Friday, November 06, 2009

The darker side of Facebook applications

No original thoughts from me in this post, but I know quite a few people read this blog who don't necessarily read other gaming news sites, so I thought I'd share a few articles about the shadier side of Facebook/MySpace games and applications that have been receiving a lot of attention within the gaming industry lately. (Those who actually work in the industry have probably already read them, please do feel free to skip the rest of this post if so!)

It started (at least in the public eye) last week, when TechCrunch columnist Michael Arrington attended the Virtual Goods Summit in San Francisco. Social media focused companies like game developer Zynga (YoVille, Texas Hold'Em, FarmVille, and similar games) and advertiser Offerpal Media (an agent for many of the targeted advertisements you see on Facebook) were in attendance. In the Q&A session of the final panel, he took the opportunity to confront representatives of these companies on what he called "the completely unethical way that they are going about achieving that success." Anu Shukla, the CEO of Offerpal, gave an emphatic rebuttal to his accusations. If you're interested in watching their exchange, you can see the video here:

Essentially, Arrington accused these companies of making their money in extremely unethical ways, with detailed examples to back up his claims, and Shukla refuted his arguments. Once the summit ended, both parties in the debate used their respective blogs to re-state and further detail their side of the story.

Initially, both sides presented strong arguments and it wasn't entirely easy to tell exactly where the truth lay in a very grey area. However, if you follow the Arrington link above you'll see a series of updates to the story that have occurred just in the past week, which speak pretty loudly for themselves. The highlights included:

Further updates will no doubt be forthcoming from Michael Arrington's column on TechCrunch, and it certainly seems likely that this isn't the end of the changes that will happen in this area.

So there you go, if you missed this little bit of industry intrigue, now you're enlightened. I have no particular point to make other than to share some interesting information, but hopefully this all will lead to good things for users of MySpace and Facebook apps, as well as a better environment for game development companies themselves that does not actually put ethical behaviour at a disadvantage!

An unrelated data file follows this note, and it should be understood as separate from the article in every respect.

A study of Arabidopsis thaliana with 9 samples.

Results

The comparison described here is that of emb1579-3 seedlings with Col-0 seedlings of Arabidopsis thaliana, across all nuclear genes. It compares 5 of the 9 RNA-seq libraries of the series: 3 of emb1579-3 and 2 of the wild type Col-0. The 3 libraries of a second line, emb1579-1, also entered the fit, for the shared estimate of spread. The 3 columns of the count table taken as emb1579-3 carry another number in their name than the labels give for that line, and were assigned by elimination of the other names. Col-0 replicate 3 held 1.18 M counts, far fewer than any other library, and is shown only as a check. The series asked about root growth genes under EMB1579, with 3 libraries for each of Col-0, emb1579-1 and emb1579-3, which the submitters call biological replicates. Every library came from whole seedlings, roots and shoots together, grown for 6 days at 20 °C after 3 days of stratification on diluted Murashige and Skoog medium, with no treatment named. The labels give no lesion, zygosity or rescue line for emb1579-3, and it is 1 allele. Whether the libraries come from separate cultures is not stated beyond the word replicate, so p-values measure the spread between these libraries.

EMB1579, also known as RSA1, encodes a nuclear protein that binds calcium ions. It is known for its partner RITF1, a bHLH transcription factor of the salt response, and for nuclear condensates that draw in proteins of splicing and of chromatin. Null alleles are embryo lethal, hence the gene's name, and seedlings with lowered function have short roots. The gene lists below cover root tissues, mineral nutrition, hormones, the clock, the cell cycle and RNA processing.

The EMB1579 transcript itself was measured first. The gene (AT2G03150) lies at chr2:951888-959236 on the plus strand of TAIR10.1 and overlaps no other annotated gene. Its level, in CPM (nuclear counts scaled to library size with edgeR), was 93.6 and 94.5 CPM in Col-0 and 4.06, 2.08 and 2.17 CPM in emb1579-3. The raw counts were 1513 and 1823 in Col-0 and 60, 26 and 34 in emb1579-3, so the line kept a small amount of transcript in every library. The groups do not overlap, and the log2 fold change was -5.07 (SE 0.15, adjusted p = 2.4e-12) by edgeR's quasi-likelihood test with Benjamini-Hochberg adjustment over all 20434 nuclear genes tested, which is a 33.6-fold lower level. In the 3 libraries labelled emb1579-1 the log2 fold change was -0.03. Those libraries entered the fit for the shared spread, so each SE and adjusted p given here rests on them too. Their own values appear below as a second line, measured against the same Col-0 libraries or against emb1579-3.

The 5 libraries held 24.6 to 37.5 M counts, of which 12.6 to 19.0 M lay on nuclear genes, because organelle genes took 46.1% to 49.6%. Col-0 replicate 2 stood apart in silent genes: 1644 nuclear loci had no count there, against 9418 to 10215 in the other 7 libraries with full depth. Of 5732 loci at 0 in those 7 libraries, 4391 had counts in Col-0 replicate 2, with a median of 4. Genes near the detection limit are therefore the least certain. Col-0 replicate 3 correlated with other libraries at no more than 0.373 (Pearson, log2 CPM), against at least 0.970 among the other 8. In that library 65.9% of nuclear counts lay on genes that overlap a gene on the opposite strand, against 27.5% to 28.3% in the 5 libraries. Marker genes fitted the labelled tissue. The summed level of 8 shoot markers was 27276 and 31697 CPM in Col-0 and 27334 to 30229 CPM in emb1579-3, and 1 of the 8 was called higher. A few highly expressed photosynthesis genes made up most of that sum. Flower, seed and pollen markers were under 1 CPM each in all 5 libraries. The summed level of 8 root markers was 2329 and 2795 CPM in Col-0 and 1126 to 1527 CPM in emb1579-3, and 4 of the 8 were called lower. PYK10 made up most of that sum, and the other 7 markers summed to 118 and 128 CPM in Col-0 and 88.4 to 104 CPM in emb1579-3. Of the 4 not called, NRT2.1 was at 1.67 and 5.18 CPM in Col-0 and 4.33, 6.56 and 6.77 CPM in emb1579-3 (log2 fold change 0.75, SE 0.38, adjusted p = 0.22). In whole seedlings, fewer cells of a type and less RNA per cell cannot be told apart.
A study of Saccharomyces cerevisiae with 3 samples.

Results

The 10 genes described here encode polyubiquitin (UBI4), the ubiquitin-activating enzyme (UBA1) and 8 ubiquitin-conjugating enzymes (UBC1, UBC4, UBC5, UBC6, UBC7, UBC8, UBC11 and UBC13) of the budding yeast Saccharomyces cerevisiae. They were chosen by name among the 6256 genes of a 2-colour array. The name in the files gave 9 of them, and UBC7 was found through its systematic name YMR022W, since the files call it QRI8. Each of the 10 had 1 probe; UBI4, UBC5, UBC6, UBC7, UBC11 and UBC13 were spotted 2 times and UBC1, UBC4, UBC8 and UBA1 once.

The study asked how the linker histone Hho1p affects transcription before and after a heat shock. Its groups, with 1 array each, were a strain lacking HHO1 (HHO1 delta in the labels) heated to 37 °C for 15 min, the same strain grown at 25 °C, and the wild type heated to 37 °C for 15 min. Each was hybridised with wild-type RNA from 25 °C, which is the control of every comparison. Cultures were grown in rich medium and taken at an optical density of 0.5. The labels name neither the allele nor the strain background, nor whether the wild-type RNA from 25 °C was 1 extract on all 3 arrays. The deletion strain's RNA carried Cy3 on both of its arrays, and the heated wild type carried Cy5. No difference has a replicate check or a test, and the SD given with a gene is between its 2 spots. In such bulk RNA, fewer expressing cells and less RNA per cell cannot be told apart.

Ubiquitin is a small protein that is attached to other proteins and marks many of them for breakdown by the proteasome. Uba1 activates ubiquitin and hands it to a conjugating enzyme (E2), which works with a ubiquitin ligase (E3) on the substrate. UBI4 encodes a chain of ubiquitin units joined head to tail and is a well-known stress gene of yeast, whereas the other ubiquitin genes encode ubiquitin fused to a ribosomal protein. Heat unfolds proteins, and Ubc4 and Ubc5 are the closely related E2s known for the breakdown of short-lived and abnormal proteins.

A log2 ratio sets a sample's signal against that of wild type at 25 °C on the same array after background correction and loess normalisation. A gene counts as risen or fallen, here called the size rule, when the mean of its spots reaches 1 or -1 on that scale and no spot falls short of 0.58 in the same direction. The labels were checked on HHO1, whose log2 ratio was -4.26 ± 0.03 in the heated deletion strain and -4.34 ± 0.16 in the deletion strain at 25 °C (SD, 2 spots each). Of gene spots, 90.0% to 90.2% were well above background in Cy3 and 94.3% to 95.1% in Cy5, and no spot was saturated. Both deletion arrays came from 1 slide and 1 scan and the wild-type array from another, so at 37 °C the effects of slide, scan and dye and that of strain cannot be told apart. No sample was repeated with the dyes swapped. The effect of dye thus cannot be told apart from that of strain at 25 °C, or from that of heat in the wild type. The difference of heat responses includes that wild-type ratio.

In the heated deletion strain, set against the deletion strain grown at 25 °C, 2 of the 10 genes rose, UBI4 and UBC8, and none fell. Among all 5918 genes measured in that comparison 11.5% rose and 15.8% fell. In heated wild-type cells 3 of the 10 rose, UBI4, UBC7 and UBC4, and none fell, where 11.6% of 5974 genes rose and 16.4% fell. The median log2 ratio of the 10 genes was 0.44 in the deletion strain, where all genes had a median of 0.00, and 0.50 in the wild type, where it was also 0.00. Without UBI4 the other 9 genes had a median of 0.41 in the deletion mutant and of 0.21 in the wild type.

(I also must confess that watching the back-and-forth unfolding of this argument this week has also been the best can't-look-away-from-the-train-wreck type industry entertainment since watching Brad McQuaid self destruct.)

Tangentially, if you're curious about what kind of information the Facebook applications you click on can learn about you, check out this interesting talk given in September by my friend Paul Fenwick. Heck, listen to it just for the charming Aussie accent.

Now carry on back to your regularly scheduled tradeskilling!

1 comment:

  1. Thanks for spreading the story of this. I had read some of the articles you linked but I hadn't caught all the twists and turns.

    I'm glad to see Anu Shukla has gone. I don't think any company should openly support the type of scamming that has been going on and she seemed completely unrepentant in her exchange with Michael Arrington.

    Well done Michael for publicising this and getting people to react.

    In the mean time be very careful about putting your mobile number anywhere on the internet.